People familiar with the 802.11 family of standards are accustomed to each successive version being faster and going longer distances than the one that came before it. For the most part, that’s true. But not always.
An exception is 802.11ah, which is aimed at creating connectivity for large ecosystems. In other words, it is a Wi-Fi standard for machine-to-machine and Internet of Things (M2M and IoT) utilizations. ABI Research offers a rundown of 802.11ah’s attributes:
Operating in the sub-1 GHz (S1G) license-exempt bands, 802.11ah offers a much greater range over 2.4 GHz and 5 GHz technologies, while several further enhancements have also been made to the PHY and MAC layers, such as power-saving mechanisms to support several years of battery life, support for up to 8,191 devices per access point, and an extended range mode offering 150 kbps of throughput at a distance of 1 km.
That sounds attractive. However, the analysts aren’t sold on its success. ABI says that just 11 million chipsets will ship by 2020, with the first going out chipmakers doors’ next year. The two main drags on 802.11ah are that it will face heavy competition among approaches that seek to serve the same vast IoT and M2M markets and that its placement in the sub 1 GHz spectrum may create compatible problems with existing infrastructure, the firm says in a new report.
The competition certainly exists. But, according to TechRepublic’s Michael Kassner, the current protocols may not be sufficient. Kassner makes the point that M2M will be the major communications channel for the IoT; the two are not discrete. His take is that despite the great number of candidates, 802.11ah may be needed. He provides eight bullet points on what it will include. Some of these are very low energy requirements and cost effectiveness (in addition to the ability to connect to so many devices, as pointed out by ABI.) The bottom line is that each of the elements he mentions is very important in satisfying the IoT’s unique needs. None of the existing candidates completely fill the bill.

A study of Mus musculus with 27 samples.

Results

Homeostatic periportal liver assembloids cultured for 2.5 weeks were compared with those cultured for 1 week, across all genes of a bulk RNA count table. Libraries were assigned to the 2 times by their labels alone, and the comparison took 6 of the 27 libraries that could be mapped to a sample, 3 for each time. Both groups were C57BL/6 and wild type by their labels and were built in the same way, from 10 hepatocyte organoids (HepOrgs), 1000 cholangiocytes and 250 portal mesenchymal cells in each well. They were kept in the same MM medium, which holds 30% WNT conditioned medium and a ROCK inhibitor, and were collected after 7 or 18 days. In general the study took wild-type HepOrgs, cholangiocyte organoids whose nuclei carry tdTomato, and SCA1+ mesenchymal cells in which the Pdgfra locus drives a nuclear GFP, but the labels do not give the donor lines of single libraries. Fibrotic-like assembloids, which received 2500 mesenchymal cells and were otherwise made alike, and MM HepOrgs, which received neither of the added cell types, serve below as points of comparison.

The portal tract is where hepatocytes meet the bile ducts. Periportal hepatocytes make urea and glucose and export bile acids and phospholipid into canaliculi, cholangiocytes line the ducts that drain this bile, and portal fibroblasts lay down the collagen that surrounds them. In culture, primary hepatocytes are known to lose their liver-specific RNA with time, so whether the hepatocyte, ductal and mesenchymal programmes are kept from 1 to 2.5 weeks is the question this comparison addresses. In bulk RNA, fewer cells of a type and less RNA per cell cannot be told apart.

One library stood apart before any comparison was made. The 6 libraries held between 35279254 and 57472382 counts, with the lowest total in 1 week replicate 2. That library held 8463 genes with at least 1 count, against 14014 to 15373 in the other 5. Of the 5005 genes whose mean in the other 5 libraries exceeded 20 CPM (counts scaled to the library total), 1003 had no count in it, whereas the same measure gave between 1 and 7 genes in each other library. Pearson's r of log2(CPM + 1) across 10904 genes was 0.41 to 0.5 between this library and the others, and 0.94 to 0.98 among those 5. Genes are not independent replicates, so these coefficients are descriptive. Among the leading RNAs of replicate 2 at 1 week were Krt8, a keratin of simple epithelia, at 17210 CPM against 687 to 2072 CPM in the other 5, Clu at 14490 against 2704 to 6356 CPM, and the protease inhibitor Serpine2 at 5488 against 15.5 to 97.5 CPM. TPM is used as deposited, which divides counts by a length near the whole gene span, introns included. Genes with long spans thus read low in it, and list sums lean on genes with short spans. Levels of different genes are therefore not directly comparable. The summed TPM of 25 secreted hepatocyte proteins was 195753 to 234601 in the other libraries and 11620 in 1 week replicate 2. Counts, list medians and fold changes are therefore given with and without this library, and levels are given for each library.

TelecomTV comes to the same basic conclusion. Yes, writes Ian Scales, there are other options. But the sheer size and variety of the IoT/M2M universe makes it important to have a standard that is appropriate from soup to nuts. Must-haves include cost, reliability, data throughput, range, a long unit life cycle, the ability to fulfill local needs and others. In short, there are a lot of candidates – but none of them have the resume that 802.11ah will bring to the table.
It is important to not confuse numbers with qualifications. Scales hit the nail on the head: The size and uniqueness of the IoT means that a comprehensive standard with very specific attributes is necessary. An army of almost-good-enough standards will lead to confusion. For this reason, 802.11ah – and other standards that are customized to support the IoT – are vital.
Carl Weinschenk covers telecom for IT Business Edge. He writes about wireless technology, disaster recovery/business continuity, cellular services, the Internet of Things, machine-to-machine communications and other emerging technologies and platforms. He also covers net neutrality and related regulatory issues. Weinschenk has written about the phone companies, cable operators and related companies for decades and is senior editor of Broadband Technology Report. He can be reached at firstname.lastname@example.org and via twitter at @DailyMusicBrk.